Joel Salatin on Allan Savory
Interview with Joel Salatin by Bruce Boyers
October 2013—While much of the world has not heard of Allan Savory until recently, there are those who have been closely following his work and emulating it for decades. One such person is Joel Salatin—farmer, author, featured speaker, and the subject of several documentaries. Salatin and his Polyface Farm first came to prominence in 2006 as the centerpiece for Michael Pollan’s groundbreaking bestseller The Omnivore’s Dilemma, and since that time his sustainable grassland farming methods for raising livestock have served as a shining example of how to do it right. His profit per acre is many times that of his industrial-farming neighbors.
I became aware of Allan Savory’s work in its earliest days. I found that it corroborated our own and added refinements we hadn’t put into practice yet. An icon in this movement, he deserves a huge debt of gratitude for persevering when most thought he was crazy and for inspiring a tsunami of ecological healers. I revere him as I would any genius upon whose shoulders I stand.
Each ecological sweet spot yields multiple benefits, some of which aren’t discovered until many years later. In his lectures, Allan Savory usually refers to a Frenchman named André Voisin as the godfather of proper grazing management. It’s all about time: how long the animals are on a spot and how long the spot rests before the animals return.
Voisin’s research did not take place in arid regions, but the principles he discovered and publicized in the early 1950s apply to all ecosystems. Although Voisin never realized the effect in dry areas, the effects are just as ecologically profound as in more temperate zones. My father read Voisin’s material in the early 1960s and began controlled grazing here at what is today Polyface Farm, prior to the infrastructure we have today that makes it easier, such as electric fencing and plastic water pipe.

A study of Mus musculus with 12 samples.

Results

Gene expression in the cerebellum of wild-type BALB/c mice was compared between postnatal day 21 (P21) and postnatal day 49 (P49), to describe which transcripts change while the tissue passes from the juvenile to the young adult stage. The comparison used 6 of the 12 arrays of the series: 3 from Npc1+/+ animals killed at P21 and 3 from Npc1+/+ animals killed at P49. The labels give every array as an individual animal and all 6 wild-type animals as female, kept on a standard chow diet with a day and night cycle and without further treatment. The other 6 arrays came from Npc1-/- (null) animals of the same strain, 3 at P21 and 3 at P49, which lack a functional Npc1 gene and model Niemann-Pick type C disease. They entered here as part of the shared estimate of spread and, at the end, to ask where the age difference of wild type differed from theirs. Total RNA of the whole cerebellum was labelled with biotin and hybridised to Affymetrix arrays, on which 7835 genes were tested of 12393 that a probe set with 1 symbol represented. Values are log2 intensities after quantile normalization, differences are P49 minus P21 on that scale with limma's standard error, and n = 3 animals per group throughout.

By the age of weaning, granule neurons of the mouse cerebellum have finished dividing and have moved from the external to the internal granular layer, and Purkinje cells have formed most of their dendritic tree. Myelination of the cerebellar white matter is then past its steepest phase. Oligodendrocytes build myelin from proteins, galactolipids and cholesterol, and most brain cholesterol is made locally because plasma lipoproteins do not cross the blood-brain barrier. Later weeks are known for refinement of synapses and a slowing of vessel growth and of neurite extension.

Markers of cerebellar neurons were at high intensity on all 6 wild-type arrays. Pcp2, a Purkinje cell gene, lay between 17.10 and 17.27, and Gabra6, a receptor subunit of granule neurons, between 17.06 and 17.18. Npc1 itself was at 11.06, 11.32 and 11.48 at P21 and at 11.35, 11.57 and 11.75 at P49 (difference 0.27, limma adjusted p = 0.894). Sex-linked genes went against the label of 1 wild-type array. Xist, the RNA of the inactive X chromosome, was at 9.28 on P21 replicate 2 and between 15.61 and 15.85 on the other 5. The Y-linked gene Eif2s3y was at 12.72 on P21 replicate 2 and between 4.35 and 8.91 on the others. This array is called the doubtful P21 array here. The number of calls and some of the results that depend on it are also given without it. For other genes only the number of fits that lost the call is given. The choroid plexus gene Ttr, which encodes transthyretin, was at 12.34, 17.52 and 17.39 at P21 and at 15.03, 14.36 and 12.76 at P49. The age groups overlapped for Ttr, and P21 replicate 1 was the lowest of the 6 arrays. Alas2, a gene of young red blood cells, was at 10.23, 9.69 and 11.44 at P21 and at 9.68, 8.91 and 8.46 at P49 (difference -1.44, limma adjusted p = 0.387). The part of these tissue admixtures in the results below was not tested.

As with all great discoveries, numerous people were working on the system in different parts of the world simultaneously. Our family, like other lunatic-fringe devotees, was experimenting with tight time-controlled grazing and ecological monitoring at the same time Savory began to popularize his permutation into Holistic Resource Management.
We became better grass farmers as a result of Savory’s tireless efforts. Meanwhile, we’ve seen our organic matter go from an average of 1 percent to about 8 percent. We’ve seen water runoff reduced, earthworm castings increase exponentially, and animal carrying capacity jump from 20 cows to 120 cows on the same acreage. The beauty of this paradigm is that it does not put ecology and economy in competition; it puts them in symbiosis. And that’s pretty awesome.